Thursday, Feb. 11, 2016 12:19 am
Rauner laughed and said, “Uh, wow.”
The governor clearly did not take the suggestion seriously.
“I’m not gonna talk about the failures of the past that created this mess,” Gov. Rauner said through chuckles.
“I focus on the future. I don’t live in the past. We’ve had failure in our elected government for decades. This mess didn’t happen overnight. And what we’re not gonna do is reproduce the dynamic that created it.” The governor laughed throughout most of that last sentence.
Bringing in graybeards has been tried before without success. Gov. Rod Blagojevich asked former U.S. House Speaker Dennis Hastert and then-Southern Illinois University President Glenn Poshard to town to help him pass his massive construction proposal that Speaker Madigan refused to agree to. It didn’t work. The two men left town as soon as they realized how hardened Madigan’s position had become against Blagojevich.
While former governors have been through similar troubles, nothing really compares to today’s self-inflicted disaster. Madigan and Blagojevich played hardball, but the game is exponentially meaner now.
And, besides, what would the former governors say or do that could make a difference? They’d probably advise Rauner to cut a deal which doesn’t bash unions. But our governor seems wholly uninterested in doing such a thing.
The simple fact is that nothing – nothing – will change until Madigan and Rauner decide it will.
Madigan’s long history clearly shows he forces the other side to negotiate against itself until he believes they’re close enough to his position. Rauner has clearly not moved far enough away from anti-union proposals and things like term limits for Madigan’s taste.
And Rauner, for his part, seems fed up with the whole process and has taken to issuing repeated dire warnings of political consequences to Madigan’s Democratic members if they continue backing the Speaker.
But as we saw not long ago, when rank-and-file Senate Democrats rejected the pension reform compromise negotiated by Senate President John Cullerton (even though a majority of that caucus had voted for a very similar bill a couple of years earlier), most Democratic legislators are in no mood to work out a deal either, and continue to insist that the governor come to the table and finally agree to a budget instead.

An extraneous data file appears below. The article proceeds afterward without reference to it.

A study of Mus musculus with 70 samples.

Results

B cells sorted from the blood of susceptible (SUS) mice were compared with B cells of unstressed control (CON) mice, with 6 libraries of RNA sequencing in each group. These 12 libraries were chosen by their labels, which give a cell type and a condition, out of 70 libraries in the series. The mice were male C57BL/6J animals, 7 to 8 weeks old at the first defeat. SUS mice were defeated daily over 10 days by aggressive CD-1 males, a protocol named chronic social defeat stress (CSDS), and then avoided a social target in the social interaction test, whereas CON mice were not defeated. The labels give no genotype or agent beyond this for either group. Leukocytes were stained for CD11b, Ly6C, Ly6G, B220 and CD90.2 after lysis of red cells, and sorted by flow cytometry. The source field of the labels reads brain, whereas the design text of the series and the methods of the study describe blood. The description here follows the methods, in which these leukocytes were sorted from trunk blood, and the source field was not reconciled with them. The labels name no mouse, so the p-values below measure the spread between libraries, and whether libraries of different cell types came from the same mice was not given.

Late last Thursday, Chicago State University officially declared a “financial exigency,” which could lead to the reduction of tenured faculty and drastic reductions in programs in order to save the school from closure. The state’s only majority-black university had already announced last month that it would run out of money to pay salaries in early March.
CSU gets more than a third of its funding from the state, more than all but one other four-year public university in Illinois. But the governor has publicly complained that taxpayers have been throwing Chicago State’s money “down the toilet” and wants drastic reforms. For now, anyway, the Democrats are staying on the sidelines and loudly pointing fingers at Rauner.
The governor has been talking about his grand plan for years, long before he was elected.
He never made it a major campaign issue, but it’s clear from looking at his past statements that he believes Democrats will eventually side against the unions and with social service agencies (and places like the CSU campus and the Chicago Public Schools) if he can, in his own words, “drive a wedge” into the party. The object is to make the Democrats choose between money for their pet causes or union rights. He’s shut off the money, but he hasn’t yet driven that wedge.
That’s probably why Rauner looked like he was attempting to tank the Chicago Public School’s bond sale last week with loud demands that it should go bankrupt and be taken over by the state. Without that bond sale, the school system would’ve been in danger of shutting down.
The object here appears to be to create so much chaos that the Democrats finally start negotiating in order to save all the programs and institutions they’ve been building for decades.
So far, that isn’t happening, but the real chaos is yet to come. We’ve seen smaller social service agencies close, we’ve seen larger agencies shut down vital programs, but so far nothing huge has happened.
It’ll probably take the “death” of something very important and very large to test this theory.
Rich Miller also publishes Capitol Fax, a daily political newsletter, and CapitolFax.com.